References in classic literature ?
One party to a contract may violate it--break it, so to speak; but does it not require all to lawfully rescind it?
I accept your limitation," said Van Helsing, "and all I ask of you is that if you feel it necessary to condemn any act of mine, you will first consider it well and be satisfied that it does not violate your reservations.
For such as violate our civil order, it may be permitted us to show mercy.
It should have taught him that the poor man's hearth is sacred, and that armies and nations have no right to violate it.
If we violate the sanctity of this ceremonial, by any hostile movement on our part, it is we who incur the charge of faithlessness; and we doubt not that in both these instances the white men have been considered by the Blackfeet as the aggressors, and have, in consequence, been held up as men not to be trusted.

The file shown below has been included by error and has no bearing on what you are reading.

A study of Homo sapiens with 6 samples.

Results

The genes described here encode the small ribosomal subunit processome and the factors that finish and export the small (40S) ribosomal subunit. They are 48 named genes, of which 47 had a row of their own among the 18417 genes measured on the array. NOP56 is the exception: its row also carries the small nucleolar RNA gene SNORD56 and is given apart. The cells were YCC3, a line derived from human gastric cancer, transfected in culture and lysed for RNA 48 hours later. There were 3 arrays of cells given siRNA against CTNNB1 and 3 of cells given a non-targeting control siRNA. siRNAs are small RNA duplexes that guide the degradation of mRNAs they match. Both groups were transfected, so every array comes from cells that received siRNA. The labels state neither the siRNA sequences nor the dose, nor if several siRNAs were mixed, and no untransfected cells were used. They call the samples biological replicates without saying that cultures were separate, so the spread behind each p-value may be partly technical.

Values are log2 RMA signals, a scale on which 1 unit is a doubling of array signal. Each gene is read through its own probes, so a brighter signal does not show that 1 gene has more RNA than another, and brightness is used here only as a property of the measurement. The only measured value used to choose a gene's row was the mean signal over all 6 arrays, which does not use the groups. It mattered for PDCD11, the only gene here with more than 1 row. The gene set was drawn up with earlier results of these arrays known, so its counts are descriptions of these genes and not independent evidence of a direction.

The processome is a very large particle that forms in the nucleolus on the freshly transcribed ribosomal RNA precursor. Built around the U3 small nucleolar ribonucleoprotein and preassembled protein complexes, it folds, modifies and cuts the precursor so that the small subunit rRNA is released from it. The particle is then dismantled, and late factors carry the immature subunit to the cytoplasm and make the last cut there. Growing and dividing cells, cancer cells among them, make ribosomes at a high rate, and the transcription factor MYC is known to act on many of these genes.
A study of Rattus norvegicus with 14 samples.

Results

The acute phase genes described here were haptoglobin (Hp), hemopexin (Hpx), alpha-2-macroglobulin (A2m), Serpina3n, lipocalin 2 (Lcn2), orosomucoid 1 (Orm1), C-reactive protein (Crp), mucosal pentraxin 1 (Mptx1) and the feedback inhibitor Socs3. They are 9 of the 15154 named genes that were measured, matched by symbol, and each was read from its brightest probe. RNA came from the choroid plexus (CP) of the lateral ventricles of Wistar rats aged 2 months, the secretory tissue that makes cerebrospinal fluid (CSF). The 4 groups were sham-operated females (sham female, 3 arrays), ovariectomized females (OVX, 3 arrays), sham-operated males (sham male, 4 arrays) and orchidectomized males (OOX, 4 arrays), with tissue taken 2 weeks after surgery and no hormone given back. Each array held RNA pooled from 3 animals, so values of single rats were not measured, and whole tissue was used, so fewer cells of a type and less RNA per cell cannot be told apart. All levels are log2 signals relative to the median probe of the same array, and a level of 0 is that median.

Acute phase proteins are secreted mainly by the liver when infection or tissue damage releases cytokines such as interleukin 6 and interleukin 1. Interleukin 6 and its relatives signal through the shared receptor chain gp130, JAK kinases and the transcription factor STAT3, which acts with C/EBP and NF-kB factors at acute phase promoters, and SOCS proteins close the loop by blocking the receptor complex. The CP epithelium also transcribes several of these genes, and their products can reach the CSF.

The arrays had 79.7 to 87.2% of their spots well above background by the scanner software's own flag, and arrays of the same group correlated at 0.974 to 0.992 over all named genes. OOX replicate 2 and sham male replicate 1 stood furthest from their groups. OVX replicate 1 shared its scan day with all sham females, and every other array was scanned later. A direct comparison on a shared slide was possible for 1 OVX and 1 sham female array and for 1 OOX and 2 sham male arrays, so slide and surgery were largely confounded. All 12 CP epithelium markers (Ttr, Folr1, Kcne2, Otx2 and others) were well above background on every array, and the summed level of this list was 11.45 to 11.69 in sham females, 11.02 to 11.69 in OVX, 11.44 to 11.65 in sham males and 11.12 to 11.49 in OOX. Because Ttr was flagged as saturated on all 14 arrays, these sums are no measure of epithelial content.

The confidence of our friendship is sacred with me, and nothing, no, nothing, could ever tempt me to violate such a trust.
I'm sure it will be as great a pleasure to me, as it can possibly be to you, to meet once more after so many years: and of course I shall be ready to give you all the benefit of such medical skill as I have: only, you know, one mustn't violate professional etiquette
In silence we partook of the small morsel of refreshment that had been left from the morning's repast, and without once proposing to violate the sanctity of our engagement with respect to the remainder, we rose to our feet, and proceeded to construct some sort of shelter under which we might obtain the sleep we so greatly needed.
Have we not a perpetual inclination, in the teeth of our best judgment, to violate that which is Law, merely because we understand it to be such?
He believed in a future in the service of D'Artagnan, and consequently would have allowed himself to be cut to pieces, rather than violate the order given by his leader.
They don't scare me, and you needn't give me leave to violate them.
It was demanded by nearly all, and particularly by the most respectable inhabitants, that Roderick should no longer be permitted to violate the received rules of decorum by obtruding his own bosom serpent to the public gaze, and dragging those of decent people from their lurking places.